Thieves and the Double Victory

The events that have unfolded over the past couple of weeks have been hard to believe and difficult to reconcile.  When I awoke to the news last week of the terrible shooting in Orlando, my heart sank.  I felt sad, angry, scared, and afraid.  “What is to come of the world my daughters are growing up in?” I thought.  This tragedy did not happen directly to me, and I certainly will not pretend to know what the survivors and loved ones of those lost are experiencing.  However, there was this little part of me that felt violated.  How can someone knowingly and willfully end, in the matter of moments, the stories that were unfolding in the lives of so many people? 

On that same Sunday morning, my husband and I noticed quite a few police cars in our neighborhood.  A neighbor’s car had been stolen in the early hours of Sunday, and most other cars in the neighborhood had been broken into.  Our glove box was open, and we had a few minor things missing.  Violated . . . again, I felt violated.  Why did the perpetrator find it acceptable to open my car door and take what rightfully belonged to me? 

Amidst the confusion of the morning, our oldest daughter became noticeably unsettled.  As she began to cry, I held her and asked her where her tears were coming from.  “Momma,” she said, “Was there a robber at our house last night?  Will the robber come again tonight and take me?”  I could feel the violation my daughter was expressing in her questions.  Again, my heart sank.  We were in this tension together – trying to hold onto hope while recognizing our own inability to preserve our felt-safety. 

As I’ve continued to reflect on these events, I keep coming back to this crossroads, of sorts.  I am supposed to keep these little ones safe, I want to keep myself safe, but how do I do this in an environment that isn’t so safe anymore?  As a Christian, I’m compelled to look at the life and teachings of Jesus for insight.  During his earthly ministry, Jesus consistently offered a message wherein hardship and hope find themselves intertwined. 

“In the world, you will have tribulation, but take heart: I have overcome the world” (John 16:33).

“The thief comes only to steal and kill and destroy.  I came that they may have life and have it abundantly” (John 10:10).

In the context of grief and tragedy, I have often quoted, albeit glibly, the words of John 10:10 to vilify Satan.  “Of course,” I’ve thought, “That is Satan’s whole gig – he takes every swipe and stab at humanity while he can, knowing that ultimately, he’s the mortally-wounded foe.”  This verse has continued to surface over the past couple of weeks.  Perhaps you can, therefore, imagine my surprise in discovering upon further exploration of the text, that “thief” in this context is not a direct reference to Satan.  Appearing in the middle of a monologue wherein Jesus self-identifies as the long-expected messiah, “thief” seems to be anything or anyone offering fraudulent avenues of salvation.  Bogus attempts at restoring God’s created order of shalom – perfect reconciliation within ourselves, with God, and with others – are false avenues of salvation and will, according to Jesus, lead to loss, death, and destruction.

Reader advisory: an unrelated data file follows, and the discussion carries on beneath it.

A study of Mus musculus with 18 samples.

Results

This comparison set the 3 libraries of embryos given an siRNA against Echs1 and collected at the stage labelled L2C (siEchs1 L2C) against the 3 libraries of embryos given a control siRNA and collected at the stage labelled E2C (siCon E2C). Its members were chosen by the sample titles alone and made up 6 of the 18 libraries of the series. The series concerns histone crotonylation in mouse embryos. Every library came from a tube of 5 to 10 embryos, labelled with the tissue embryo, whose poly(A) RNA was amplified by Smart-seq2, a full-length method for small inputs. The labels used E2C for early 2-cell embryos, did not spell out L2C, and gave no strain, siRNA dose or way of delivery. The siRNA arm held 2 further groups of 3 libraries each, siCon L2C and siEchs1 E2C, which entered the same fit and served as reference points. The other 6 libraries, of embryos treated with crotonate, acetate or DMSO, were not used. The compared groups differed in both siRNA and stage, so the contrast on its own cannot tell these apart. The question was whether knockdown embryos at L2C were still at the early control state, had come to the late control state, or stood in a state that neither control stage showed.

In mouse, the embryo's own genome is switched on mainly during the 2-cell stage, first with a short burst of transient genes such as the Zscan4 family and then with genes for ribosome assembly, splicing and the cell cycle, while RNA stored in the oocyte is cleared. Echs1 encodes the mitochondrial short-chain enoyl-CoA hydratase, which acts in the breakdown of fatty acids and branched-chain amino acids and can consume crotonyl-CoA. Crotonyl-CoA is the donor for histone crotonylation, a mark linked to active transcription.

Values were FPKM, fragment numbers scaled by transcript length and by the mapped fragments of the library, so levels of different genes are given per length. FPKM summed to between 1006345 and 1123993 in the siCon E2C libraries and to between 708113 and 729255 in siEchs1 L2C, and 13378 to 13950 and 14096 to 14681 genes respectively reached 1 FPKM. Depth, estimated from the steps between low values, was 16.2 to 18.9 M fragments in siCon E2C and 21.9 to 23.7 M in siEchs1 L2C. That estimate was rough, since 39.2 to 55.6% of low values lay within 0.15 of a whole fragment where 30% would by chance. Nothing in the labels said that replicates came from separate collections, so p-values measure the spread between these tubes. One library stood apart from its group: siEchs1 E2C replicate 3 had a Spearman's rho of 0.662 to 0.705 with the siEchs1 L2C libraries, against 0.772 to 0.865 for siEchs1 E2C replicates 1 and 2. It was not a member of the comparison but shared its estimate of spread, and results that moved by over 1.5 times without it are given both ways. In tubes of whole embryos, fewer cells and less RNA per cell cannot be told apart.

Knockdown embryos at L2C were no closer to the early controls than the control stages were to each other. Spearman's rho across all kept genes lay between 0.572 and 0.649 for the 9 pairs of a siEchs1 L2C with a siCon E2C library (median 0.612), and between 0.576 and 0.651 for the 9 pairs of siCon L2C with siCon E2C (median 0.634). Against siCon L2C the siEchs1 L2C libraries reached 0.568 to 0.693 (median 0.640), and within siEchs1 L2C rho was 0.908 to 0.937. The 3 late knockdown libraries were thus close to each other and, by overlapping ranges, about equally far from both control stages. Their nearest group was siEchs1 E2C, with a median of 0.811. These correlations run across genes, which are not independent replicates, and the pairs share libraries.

All too often, we look to what we’ve been led to believe is “our own power,” couched in our ideologies, nationalities, or parties to usher in kingdoms of peace.  I fear we may have been misled.  As a Christian, I must ask myself, “If I believe Jesus is the Savior, what is the way of Jesus, in which I am to follow?” 

The way of Jesus is the cross: “If anyone would come after me, let him deny himself and take up his cross and follow me” (Mark 8:34). 

Self-sacrifice in a world circumnavigating self-preservation emerges as the way of salvation from and amidst loss, death, and destruction.  Any way in which sin has ever, currently is, or will ever violate God’s created state (shalom) are absorbed into the crucified Savior.  A new power is at play – the subversive power of love . . . even in the face of death (Revelation 12:11). 

Do you feel this piercing tension?  The calling we receive as Christians - to lay down our lives for one another – seems nearly offensive to this desire to protect our own.  I don’t know how to ease this tension.  It seems too idealistic; I feel only to be a dreamer.  Maybe you can, alongside of me, find comfort in the following words from Dr. Martin Luther King, Jr.:

“We must in strength and humility meet hate with love.  Of course, this is not practical.  Maybe in some distant Utopia, you say, that idea will work, but not in the hard, cold world in which we live.  My friends. We have followed the so-called practical way for too long a time now, and it has led inexorably to deeper confusion and chaos.  For the salvation of our nation and the salvation of mankind, we must follow another way . . . To our most bitter opponents we say: ‘We shall match your capacity to inflict suffering by our capacity to endure suffering.  Do to us what you will, and we shall continue to love you.  But be ye assured that we will wear you down by our capacity to suffer.  One day we shall win freedom, but not only for ourselves.  We shall so appeal to your heart and conscience that we shall win you in the process, and our victory will be double victory.’” (Strength to Love)

In following another way, the way of the cross, I fear a scary world might feel even scarier.  What will be demanded of me, over and over again, is a response opposite than my social programming.  I will have to fight my own flesh to arrive at love.  But, the other powers aren’t working.  Perhaps love has something to say – the subversive power inherent within may just win over our own hearts, and doing so, those that seek to violate us.